Jamaican born British jazz bassist Coleridge Goode, part of Joe Harriott's pioneering Indo-Jazz Fusion band died October 2nd aged 100.
Bassist Coleridge Goode, a real kingpin of the British jazz scene, passed away on October 2 aged 100, just a month short of his 101st birthday. Named after African-English composer Samuel Coleridge-Taylor, Goode was born in Jamaica in 1914 and came to Britain in 1934 to study engineering in Scotland. He was a classically trained violinist and cellist as his father ran an orchestra in Jamaica. He switched to upright bass when he moved to London in 1942 to study for a music degree and was comfortable playing any style of music.
For many years Goode collaborated with fellow Jamaican, alto saxophonist and Indo-jazz fusion pioneer Joe Harriott during the late 1950s and 1960s. His bass playing can be heard on cherished Harriott albums ‘Southern Horizons,’ ‘Free Form,’ ‘Abstract,’ ‘Movement’ and ‘High Spirits’. He is credited as one of the creators of British avant garde ‘free jazz’.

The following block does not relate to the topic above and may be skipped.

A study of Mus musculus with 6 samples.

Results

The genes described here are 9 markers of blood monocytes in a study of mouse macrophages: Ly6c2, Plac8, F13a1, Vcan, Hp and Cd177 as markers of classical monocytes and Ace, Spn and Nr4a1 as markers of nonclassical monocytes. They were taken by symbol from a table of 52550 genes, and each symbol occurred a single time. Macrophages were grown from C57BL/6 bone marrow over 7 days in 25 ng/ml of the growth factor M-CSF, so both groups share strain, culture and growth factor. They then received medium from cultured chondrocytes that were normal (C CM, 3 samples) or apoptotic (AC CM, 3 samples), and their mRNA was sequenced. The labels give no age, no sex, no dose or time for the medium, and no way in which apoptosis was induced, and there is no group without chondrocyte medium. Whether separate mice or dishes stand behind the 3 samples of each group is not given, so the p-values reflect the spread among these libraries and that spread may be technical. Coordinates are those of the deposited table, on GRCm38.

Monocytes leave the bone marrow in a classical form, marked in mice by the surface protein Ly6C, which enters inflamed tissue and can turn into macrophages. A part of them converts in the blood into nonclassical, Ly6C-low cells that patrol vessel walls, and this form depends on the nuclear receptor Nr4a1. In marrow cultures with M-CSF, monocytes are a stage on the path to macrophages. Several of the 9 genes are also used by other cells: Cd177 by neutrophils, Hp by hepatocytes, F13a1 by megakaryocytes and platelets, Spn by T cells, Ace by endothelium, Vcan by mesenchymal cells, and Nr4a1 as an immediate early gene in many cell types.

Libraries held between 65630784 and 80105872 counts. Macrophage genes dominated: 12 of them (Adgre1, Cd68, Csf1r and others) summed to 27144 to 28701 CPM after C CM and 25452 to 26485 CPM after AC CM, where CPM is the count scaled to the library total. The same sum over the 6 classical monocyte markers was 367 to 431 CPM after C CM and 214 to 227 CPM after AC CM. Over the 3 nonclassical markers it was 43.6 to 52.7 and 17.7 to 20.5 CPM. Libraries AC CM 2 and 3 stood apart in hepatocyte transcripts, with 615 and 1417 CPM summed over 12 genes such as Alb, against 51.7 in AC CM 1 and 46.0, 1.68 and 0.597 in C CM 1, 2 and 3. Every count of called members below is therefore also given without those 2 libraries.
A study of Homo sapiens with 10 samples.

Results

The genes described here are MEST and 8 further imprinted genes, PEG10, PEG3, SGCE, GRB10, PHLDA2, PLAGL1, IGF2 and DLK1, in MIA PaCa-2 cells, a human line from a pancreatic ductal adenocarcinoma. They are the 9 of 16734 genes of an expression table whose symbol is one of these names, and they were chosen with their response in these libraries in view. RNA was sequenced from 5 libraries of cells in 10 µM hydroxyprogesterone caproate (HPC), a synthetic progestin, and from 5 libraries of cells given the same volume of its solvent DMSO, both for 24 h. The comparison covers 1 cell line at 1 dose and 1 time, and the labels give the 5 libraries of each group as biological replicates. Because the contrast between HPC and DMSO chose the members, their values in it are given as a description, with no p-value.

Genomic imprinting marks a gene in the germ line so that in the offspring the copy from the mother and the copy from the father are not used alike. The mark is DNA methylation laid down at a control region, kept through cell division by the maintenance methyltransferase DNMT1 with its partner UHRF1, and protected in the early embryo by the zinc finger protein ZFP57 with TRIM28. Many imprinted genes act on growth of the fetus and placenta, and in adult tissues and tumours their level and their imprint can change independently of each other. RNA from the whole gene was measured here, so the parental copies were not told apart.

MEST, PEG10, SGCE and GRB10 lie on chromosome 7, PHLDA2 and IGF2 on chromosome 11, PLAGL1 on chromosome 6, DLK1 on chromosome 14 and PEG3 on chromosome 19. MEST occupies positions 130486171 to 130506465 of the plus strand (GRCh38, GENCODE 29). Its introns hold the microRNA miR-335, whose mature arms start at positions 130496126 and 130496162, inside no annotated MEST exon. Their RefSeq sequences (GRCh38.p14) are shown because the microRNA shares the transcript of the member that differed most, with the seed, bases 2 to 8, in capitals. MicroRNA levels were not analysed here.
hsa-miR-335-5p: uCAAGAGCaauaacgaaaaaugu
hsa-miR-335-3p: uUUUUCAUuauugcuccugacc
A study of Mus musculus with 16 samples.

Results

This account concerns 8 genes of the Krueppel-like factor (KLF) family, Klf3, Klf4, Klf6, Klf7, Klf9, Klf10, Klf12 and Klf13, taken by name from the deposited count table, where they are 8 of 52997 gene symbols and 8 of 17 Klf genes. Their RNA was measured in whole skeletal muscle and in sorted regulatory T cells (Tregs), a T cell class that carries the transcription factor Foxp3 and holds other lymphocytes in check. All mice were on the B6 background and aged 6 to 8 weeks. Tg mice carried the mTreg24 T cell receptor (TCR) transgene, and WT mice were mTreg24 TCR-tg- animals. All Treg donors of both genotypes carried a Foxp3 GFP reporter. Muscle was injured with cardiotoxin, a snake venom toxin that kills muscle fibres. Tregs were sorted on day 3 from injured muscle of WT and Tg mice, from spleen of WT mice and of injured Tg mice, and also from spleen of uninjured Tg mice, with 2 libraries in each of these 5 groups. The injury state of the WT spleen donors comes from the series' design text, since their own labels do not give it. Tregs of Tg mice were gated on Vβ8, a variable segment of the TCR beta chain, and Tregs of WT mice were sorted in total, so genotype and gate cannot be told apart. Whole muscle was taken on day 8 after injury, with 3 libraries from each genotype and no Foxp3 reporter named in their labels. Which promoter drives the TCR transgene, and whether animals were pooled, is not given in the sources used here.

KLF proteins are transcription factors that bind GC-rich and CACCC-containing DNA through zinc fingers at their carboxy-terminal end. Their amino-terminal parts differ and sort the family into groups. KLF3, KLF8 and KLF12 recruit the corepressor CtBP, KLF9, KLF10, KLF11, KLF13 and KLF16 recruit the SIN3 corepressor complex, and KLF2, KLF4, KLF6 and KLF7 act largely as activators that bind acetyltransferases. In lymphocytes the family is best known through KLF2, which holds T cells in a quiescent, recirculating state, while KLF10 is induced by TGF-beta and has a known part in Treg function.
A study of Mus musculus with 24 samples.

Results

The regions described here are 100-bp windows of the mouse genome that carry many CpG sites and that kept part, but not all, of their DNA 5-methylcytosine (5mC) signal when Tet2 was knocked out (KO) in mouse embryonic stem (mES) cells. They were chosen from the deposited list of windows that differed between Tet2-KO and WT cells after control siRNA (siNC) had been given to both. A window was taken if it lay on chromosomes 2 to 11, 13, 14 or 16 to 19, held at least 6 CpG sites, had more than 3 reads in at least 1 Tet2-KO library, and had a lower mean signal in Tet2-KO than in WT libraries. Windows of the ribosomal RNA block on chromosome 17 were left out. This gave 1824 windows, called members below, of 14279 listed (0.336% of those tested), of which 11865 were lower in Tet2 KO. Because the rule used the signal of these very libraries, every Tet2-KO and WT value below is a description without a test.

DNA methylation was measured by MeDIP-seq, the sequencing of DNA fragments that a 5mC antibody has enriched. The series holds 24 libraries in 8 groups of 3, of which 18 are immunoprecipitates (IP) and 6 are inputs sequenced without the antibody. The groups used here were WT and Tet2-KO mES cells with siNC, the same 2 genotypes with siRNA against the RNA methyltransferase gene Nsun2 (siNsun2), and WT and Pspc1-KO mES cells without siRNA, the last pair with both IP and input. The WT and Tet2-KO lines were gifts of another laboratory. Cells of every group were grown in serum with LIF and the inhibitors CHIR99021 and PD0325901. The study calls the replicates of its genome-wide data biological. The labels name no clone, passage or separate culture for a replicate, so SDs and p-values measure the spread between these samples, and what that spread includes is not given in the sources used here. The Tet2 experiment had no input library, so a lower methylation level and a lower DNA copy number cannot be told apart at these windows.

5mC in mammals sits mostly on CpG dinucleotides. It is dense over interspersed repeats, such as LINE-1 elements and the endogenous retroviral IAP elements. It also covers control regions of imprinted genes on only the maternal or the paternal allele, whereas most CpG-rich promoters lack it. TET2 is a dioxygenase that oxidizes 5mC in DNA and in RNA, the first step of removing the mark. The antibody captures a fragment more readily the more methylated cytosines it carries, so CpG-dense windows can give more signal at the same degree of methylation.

Goode’s influence reached deep into European jazz as well as inspiring many of today’s contemporary Black British jazz musicians and was a strong direct link to the rich heritage of Caribbean music. He also played with violinist Stephane Grapelli, Franco-Belgian guitar legend Django Reinhardt, English jazz pianist and composer Michael Garrick and even appeared on The Goon Show. Goode was also a sportsman, playing tennis to a high standard and it is said he could have been a professional.
In 2011 Goode received a Parliamentary Jazz Award for Services to Jazz and at his centenary was honoured with a special event at the 2014 EFG London Jazz Festival led by Gary Crosby.